Our Views: A Bali high for trade

While it’s a long way from the bayous to Bali, the decisions made at the Asian resort by the World Trade Organization are helpful for us in Louisiana.

As the port outlet of the Mississippi River and the inland waterways of the United States, our state has a profound financial interest in free trade. Unfortunately, the WTO has been snarled in controversies related to the 2008 financial crash and resulting world economic recession. Add to that the inherent difficulty of getting 159 member-nations to agree on anything.

Yet the Bali talks resulted in some nudging of the leading economies to work together on the trade issues arising out of vastly differing rates of recovery from the recession.

If the United States can follow up with successful negotiations now under way with trading partners from both the Atlantic and Pacific basins, and if Bali indicates that WTO rules will be enforced more effectively in future, the prospect for growing world commerce improve.

The same U.S. delegation to Bali went the relatively short distance to Singapore to continue the talks on Pacific trade. The “Trans-Pacific Partnership” is one that is strongly backed by U.S. Rep. Charles Boustany, R-Lafayette, and is a bipartisan undertaking on Capitol Hill. The partnership would expand trade with the half-dozen partners that the U.S. has free-trade agreements with, but also would open new markets for U.S. producers in other areas in the region, Boustany said.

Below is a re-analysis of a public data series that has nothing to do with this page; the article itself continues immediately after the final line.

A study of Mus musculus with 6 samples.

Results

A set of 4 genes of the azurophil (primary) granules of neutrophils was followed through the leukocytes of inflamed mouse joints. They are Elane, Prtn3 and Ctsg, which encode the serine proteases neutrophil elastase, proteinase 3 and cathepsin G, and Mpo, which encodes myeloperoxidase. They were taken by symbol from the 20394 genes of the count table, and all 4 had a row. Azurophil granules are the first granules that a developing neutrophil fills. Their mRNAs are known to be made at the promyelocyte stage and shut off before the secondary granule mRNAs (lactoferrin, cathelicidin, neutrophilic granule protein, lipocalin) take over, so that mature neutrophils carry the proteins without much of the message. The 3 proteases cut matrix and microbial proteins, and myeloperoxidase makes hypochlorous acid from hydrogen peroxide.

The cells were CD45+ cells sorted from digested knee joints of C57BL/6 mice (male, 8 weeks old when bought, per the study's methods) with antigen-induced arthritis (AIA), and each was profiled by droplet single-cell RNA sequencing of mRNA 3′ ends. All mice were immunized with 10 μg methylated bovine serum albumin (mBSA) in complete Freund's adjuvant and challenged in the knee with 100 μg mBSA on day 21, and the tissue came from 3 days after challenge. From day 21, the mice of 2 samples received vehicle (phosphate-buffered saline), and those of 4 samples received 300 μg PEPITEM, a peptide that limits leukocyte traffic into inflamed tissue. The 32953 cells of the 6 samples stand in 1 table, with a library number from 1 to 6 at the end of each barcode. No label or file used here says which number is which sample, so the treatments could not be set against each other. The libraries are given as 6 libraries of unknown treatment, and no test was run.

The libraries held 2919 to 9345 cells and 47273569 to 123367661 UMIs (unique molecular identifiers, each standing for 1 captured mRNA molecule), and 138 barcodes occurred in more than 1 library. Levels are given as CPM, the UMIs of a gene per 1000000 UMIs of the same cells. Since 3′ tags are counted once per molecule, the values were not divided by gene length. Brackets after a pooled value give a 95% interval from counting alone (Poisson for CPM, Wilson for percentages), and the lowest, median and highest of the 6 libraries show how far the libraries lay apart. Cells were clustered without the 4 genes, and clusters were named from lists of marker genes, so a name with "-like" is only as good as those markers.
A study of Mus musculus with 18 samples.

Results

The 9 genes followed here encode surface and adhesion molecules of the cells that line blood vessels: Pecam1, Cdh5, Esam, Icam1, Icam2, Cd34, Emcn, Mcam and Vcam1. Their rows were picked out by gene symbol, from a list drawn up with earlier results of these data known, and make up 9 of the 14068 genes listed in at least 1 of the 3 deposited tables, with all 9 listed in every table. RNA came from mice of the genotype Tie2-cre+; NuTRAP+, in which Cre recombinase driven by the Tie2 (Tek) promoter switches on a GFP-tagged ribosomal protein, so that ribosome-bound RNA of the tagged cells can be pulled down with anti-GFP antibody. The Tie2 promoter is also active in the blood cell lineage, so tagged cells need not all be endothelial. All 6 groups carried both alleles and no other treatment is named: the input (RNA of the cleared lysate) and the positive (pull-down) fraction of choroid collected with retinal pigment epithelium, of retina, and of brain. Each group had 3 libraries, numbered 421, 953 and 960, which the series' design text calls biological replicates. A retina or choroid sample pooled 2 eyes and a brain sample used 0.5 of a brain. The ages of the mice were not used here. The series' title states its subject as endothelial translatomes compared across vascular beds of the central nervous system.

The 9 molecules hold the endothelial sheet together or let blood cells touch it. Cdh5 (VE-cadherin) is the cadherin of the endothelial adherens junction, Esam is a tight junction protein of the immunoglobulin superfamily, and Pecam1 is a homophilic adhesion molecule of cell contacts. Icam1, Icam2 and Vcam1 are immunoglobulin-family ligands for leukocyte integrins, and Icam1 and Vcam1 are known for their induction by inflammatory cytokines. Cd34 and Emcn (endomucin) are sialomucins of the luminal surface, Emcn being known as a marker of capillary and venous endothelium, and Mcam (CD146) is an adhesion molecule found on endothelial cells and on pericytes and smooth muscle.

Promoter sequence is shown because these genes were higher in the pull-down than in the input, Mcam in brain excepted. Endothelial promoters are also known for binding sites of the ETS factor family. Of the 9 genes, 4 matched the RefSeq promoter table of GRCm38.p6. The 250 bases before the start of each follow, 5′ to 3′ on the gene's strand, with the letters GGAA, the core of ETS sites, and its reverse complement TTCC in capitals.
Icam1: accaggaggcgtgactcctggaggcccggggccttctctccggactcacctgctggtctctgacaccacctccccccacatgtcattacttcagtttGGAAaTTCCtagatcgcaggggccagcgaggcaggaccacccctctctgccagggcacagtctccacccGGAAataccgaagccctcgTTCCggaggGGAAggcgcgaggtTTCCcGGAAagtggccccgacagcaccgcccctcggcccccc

“I look forward to continuing to work with our congressional colleagues and the administration to further discussions on promoting the single largest engine of economic growth for America: trade,” Boustany said.

From the farmers and ranchers across the state, for petrochemical manufacturers along the Calcasieu River in Boustany’s district, and others along the Mississippi River between Baton Rouge and New Orleans, these are positive developments at a time when good economic news is needed.